The UN climate deal brokered in Paris in December 2015 will enter into force in early November, with both devaluation risk and investment opportunities for pension funds highlighted in reactions to the European Union’s ratification of the agreement.

The Paris Agreement will enter into force on 4 November, being the thirtieth day after it was formally joined by at least 55 parties to the UN climate change convention accounting for at least 55% of total greenhouse gas emissions.

This was achieved last Wednesday, 5 October, with a big step towards this having been the ratification of the agreement by the EU the day before.

Major emitters China and the US had earlier this year already joined the deal, with approval from Canada, Bolivia and Nepal last week leading the agreement over the threshold that triggered its entering into effect.

As of today, 75 of 197 parties to the UN climate change convention have ratified the agreement, which aims to limit the global temperature increase to 2 degrees by 2100.

Stephanie Pfeifer, chief executive at the Institutional Investors Group on Climate Change (IIGCC), which represents nearly 130 EU-based investors with more than €13trn in assets under management, said: “Institutional investors across Europe are delighted the Paris Climate Agreement has now crossed the threshold required to gain the full force of international law before COP22 in Marrakech and so far ahead of all expectations.”

Investors are urging policy-makers to take swift action to implement the agreement, she added.

“As all recent temperature trends have highlighted, there has never been a clearer or more urgent need for robust collective action to secure the low-carbon transition and prevent catastrophic global warming,” said Pfeifer.

In a plenary last Thursday, MEPs said emission reduction pledges submitted so far in relation to the Paris Agreement “[do] not bring the world even close to the two-degree target”.

They passed a resolution calling on all parties to the agreement to raise their commitments, including the EU’s targets for 2030.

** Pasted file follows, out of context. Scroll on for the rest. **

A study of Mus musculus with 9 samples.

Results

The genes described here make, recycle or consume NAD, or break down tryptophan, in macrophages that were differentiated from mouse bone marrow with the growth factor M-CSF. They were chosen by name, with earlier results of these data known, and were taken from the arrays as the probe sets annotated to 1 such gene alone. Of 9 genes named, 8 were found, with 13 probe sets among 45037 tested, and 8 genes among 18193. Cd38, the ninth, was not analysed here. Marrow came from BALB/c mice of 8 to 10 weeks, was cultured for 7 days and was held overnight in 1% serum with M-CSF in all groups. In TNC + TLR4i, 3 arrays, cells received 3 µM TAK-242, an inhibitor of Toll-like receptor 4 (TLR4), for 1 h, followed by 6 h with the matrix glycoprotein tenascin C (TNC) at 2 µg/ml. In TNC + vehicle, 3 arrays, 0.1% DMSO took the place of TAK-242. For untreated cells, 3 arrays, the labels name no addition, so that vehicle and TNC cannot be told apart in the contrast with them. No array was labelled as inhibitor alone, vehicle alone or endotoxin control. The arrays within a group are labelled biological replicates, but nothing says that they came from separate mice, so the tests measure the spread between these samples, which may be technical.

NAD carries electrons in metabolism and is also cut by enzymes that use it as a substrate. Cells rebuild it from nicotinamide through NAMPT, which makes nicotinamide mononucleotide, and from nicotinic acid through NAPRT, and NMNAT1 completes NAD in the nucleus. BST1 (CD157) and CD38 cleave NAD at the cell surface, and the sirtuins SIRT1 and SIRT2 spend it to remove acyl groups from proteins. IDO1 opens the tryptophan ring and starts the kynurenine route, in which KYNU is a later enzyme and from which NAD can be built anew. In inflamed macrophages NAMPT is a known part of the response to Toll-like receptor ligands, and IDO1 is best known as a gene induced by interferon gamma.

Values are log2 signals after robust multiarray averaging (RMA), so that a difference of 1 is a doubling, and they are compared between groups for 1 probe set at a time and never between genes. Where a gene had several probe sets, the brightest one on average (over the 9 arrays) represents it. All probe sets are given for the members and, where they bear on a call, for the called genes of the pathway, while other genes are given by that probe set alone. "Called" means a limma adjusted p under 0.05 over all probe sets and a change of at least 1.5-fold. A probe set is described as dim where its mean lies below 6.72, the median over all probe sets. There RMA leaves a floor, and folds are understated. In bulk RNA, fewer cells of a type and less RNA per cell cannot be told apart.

The IIGCC’s Pfeifer drew attention to the investment implications of the EU’s approval of the deal a few days earlier, when EU ministers had on 30 September approved the ratification of the Paris Agreement by the EU.

At the time, Pfeifer said the deal “sends an unequivocal market signal that will transform the future direction of the global economy towards an era of huge opportunity for investors in renewable energy, energy efficiency, infrastructure and other areas”.

But others have highlighted risks institutional investors should be tuned into.

Nico Aspinall, chair of the resource and environment board at the UK’s Institute and Faculty of Actuaries, told IPE the EU’s approval would “further raise the prominence of ‘stranded assets’”.

“Ultimately,” he said, “the actions of regulators and civil society in abandoning fossil fuels could cause significant devaluations of insurance companies and pension funds’ investment portfolios if action is not taken to reduce exposure to this sector.”

“Regulators are encouraging insurance companies and pension funds to examine their risk due to climate change, and stranded assets may be one of the largest for many.”

He said the IFoA welcomed the EU ratification of the climate deal and encouraged the UK to put policies in place to meet the Paris Agreement.

The IFoA has made resource and environment issues a key policy priority, Aspinall previously told IPE.